This career requires nerves of steel. Countless disappointments and the agonies of waiting have driven many a writer to drink. Or to Cadbury chocolate. Basically, choose your favorite numbing agent to survive the ride. There are celebrations along the way, though.
First you endure a long string of rejections. Mini Fiesta #1: Here's to landing a contract! Clink! For Secret Keeper, an offer came from Delacorte almost three years ago.
Next you wait to see if critics like your work. Mini Fiesta #2: Here's to getting a good review! Clink! My book's coming out in a month, and I'm exhaling bit by bit as the reviews start trickling in. I already heard that PW liked it, but the good news is that Kirkus agreed, saying that "this achingly realistic story ... will enlighten and inspire young women, and encourage them to value their own freedom." Whew.
Then you hope the darn thing sells. Mini Fiesta #3: Here's to earning out your advance and getting royalties! Clink! Ka-ching! Checks come for Sunita, Monsoon Summer, and Rickshaw Girl, but will they for Secret Keeper? I hope so. Because for some books I'm still waiting.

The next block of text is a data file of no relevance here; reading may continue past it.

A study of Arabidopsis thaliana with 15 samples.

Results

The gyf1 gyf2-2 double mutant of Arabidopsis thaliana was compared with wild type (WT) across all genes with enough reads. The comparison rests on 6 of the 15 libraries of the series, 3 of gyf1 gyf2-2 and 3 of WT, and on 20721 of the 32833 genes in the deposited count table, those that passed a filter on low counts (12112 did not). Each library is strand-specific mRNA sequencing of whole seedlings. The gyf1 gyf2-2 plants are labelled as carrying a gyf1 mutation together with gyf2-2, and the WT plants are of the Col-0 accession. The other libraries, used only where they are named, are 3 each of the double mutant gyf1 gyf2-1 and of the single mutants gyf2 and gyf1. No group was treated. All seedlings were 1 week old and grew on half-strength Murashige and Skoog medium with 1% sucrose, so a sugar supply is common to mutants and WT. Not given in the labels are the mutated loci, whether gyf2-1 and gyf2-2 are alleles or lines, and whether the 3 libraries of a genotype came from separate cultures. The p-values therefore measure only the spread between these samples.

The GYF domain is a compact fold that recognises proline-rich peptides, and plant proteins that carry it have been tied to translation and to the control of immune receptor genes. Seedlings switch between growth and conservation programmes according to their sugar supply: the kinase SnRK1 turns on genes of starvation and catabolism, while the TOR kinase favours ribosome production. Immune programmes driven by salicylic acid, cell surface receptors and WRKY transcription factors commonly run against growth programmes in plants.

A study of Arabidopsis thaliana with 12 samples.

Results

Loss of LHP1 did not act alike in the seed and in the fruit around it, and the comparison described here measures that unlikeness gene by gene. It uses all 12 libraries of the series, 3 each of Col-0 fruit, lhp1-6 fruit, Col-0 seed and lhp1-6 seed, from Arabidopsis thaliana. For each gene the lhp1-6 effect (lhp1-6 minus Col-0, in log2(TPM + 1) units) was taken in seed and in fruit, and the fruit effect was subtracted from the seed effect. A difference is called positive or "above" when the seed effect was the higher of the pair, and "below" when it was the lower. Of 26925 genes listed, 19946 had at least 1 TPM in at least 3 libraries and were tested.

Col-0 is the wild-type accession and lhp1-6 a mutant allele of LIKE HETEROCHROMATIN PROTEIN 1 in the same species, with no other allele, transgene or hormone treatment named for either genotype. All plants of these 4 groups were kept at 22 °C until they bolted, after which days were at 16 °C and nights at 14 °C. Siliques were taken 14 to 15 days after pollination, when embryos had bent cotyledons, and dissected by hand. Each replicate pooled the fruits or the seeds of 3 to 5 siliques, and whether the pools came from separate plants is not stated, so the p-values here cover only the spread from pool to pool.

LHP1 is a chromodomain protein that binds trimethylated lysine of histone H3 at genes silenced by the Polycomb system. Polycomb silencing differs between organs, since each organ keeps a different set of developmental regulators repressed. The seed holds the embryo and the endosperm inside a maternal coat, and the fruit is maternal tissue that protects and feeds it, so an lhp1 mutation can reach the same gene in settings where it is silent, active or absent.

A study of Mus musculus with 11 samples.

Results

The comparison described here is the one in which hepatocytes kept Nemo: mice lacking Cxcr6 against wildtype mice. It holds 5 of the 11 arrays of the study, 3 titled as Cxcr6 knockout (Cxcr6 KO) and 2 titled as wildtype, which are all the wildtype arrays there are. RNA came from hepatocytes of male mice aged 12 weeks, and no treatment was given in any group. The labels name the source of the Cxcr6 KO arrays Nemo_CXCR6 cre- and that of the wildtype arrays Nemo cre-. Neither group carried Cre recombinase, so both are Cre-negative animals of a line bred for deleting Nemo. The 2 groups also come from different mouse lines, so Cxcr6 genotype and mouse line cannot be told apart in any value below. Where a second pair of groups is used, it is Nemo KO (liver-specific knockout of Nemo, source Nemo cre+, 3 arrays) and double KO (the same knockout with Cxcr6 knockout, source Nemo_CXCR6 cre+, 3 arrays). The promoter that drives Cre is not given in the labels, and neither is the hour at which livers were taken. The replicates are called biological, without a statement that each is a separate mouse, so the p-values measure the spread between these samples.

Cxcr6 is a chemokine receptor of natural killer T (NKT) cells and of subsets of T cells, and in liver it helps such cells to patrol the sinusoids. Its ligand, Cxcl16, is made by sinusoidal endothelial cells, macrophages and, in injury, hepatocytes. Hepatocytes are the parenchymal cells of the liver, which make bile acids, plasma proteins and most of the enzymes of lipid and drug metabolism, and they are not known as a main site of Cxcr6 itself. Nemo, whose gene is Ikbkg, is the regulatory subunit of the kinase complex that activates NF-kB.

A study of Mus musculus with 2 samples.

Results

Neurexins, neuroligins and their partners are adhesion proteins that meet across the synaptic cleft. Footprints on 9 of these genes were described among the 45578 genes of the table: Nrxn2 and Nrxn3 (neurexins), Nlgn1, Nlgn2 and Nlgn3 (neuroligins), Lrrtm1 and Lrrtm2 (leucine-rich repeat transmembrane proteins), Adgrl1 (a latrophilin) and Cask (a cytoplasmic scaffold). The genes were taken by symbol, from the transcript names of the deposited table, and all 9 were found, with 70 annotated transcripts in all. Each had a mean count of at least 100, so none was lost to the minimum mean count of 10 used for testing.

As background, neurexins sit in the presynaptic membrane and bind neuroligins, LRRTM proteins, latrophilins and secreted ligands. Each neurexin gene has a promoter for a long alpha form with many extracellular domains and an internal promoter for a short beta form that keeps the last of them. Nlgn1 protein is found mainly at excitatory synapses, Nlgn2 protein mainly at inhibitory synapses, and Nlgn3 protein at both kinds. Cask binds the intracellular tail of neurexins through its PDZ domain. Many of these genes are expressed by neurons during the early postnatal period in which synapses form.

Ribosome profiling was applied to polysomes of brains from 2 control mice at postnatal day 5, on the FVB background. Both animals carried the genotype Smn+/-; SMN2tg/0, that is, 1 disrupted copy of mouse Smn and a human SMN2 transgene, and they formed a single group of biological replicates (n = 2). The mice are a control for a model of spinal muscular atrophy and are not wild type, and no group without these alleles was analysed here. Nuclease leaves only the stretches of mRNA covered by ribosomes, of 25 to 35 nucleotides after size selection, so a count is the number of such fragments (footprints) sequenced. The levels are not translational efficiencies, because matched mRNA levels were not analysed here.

Each letter or note from a reader generates celebration, too (clink, clink), but finally, inevitably, no matter how many starry reviews and awards and fan mail and checks come your way, you'll get a letter from your publisher. It will inform you politely and formally that the book is going out of print and getting remaindered. Do you want to buy some copies, and if so how many? CLINK! *glass SHATTERS*
That's why the real party is writing the next story. Pass the Cadbury please.